After four decades of venturing to the world’s farthest reaches, Oregon writer Barry Lopez returns with a career-spanning book that finds hope amid environmental uncertainty.
At age 74, Barry Lopez is still fascinated by the rain. On the December day we talked, the National Book Award– winning author had spent the morning walking the woods near his home, in Oregon’s McKenzie River Valley, where he has lived for 49 years.
“It’s just exhilarating for me to be in the weather—just to feel the power of it,” he said. His fascination with the natural world is well-evidenced in his dozens of books, including the 1986 classic Arctic Dreams, a travelogue and history of the far north. Lopez’s latest, Horizon, due this month, is no different. Featuring all-new material, it spans decades and continents and proves that few people have thought about our complex relationship with nature more deeply.
In Horizon, you trek to see one of Antarctica’s largest penguin colonies and describe feeling a shared fate with it. What do you mean?
We’re going to lose a lot of people, whatever happens with the planet. I’m rooting for Homo sapiens—that’s my animal. But sooner or later, all these other animals are going to face what we’re facing, and they don’t have a way to protect themselves. And if you’re somebody like me, you think, We have a responsibility here. It’s easy to feel daunted by what the planet is up against, but I’m very hopeful about young activists and their determination for the future, though it looks like there will be no future for many species.
What do you think of today’s activists?
If I were in my 20s, I would be in a constant state of rage about what was being offered to me as a citizen of the United States; it’s shameful how backward-looking the country is in terms of the environment. But I know young people who have the strategy and the energy to attack this thing in ways that never would have occurred to me. They’re cynical about big business and government, and they know how to make technology work for them to change things quickly.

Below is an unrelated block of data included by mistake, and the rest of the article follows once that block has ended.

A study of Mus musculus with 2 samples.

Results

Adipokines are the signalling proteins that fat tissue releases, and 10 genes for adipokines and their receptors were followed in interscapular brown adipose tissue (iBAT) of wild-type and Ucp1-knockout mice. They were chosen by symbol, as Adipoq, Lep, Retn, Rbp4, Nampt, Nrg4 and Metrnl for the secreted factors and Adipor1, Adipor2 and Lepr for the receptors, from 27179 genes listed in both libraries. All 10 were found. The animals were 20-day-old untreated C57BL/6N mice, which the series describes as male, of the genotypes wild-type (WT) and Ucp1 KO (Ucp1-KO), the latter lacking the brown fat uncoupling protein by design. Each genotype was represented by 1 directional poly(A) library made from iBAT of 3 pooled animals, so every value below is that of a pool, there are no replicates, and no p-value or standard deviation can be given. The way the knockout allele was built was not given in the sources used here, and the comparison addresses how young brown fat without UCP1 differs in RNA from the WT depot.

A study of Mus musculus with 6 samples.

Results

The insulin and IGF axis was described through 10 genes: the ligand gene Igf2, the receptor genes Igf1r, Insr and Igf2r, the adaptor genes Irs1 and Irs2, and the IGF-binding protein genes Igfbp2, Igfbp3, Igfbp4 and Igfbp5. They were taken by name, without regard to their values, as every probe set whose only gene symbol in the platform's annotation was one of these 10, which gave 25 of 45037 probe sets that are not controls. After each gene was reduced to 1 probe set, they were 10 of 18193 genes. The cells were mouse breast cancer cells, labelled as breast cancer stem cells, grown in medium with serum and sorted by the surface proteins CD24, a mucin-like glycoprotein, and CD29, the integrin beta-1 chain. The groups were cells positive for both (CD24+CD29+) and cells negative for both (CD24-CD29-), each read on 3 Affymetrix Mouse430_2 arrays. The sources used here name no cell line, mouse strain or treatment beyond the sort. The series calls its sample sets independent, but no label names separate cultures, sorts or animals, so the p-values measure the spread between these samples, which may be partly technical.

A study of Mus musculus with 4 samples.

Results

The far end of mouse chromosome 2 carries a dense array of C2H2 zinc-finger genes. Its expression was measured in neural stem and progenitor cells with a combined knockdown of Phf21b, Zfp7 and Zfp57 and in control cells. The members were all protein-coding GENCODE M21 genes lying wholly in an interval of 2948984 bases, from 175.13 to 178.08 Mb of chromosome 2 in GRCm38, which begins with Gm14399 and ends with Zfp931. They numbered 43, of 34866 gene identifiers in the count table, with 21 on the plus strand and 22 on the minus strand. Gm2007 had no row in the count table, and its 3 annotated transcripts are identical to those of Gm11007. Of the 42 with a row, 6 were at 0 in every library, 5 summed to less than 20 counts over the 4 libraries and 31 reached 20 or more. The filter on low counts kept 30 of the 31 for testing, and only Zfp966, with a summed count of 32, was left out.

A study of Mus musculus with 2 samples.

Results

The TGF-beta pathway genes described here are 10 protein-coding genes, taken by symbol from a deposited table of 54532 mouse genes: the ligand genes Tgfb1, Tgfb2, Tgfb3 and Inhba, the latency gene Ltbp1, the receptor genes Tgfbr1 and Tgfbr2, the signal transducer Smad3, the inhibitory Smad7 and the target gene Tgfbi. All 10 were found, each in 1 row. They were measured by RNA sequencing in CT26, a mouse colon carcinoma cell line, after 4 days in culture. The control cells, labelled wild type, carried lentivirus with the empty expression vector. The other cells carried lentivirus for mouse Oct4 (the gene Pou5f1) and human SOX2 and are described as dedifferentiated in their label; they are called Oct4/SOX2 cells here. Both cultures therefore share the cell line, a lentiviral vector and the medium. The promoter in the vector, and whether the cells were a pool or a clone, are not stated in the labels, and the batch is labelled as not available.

You’ve visited some the world’s coldest places. How has that affected your thinking?
The most exhilarating weeks of my life have been spent out on the edge, drinking it in, like at Skraeling Island, in the High Arctic. But when I visit these places, a voice in my head always says, “You better bring something back we can use, because the rest of us have to change diapers and drive school buses and keep food on the table.” That’s my goal: To illuminate how vital these places are and motivate people to attend to them. A Navajo guy once told me that he was asked to offer an assessment of another Navajo, and he paused and said, “His life helped.” What more would you want on your gravestone?
You’ve traveled just about everywhere. What do you still find mysterious at this point?
Everything. A year ago, I was walking to our outbuilding, and 50 feet away, this cow elk was just staring at me. I saw the whites of her eyes, because she was trying to look at the calves behind her, encouraging them not to be afraid. Then she turned and looked dead at me, and I felt she was saying, “What are you going to do?” Then she turned and led them through the trees. I felt a sense of responsibility in that moment, too.
What’s your next trip?
I have a friend who drives a bus from Fairbanks, Alaska, to Coldfoot—about 230 miles north. I’m going up in February to ride with him. We might see caribou or the northern lights, but for me, it’s just about being out there in the wild. A hotel room makes me jumpy.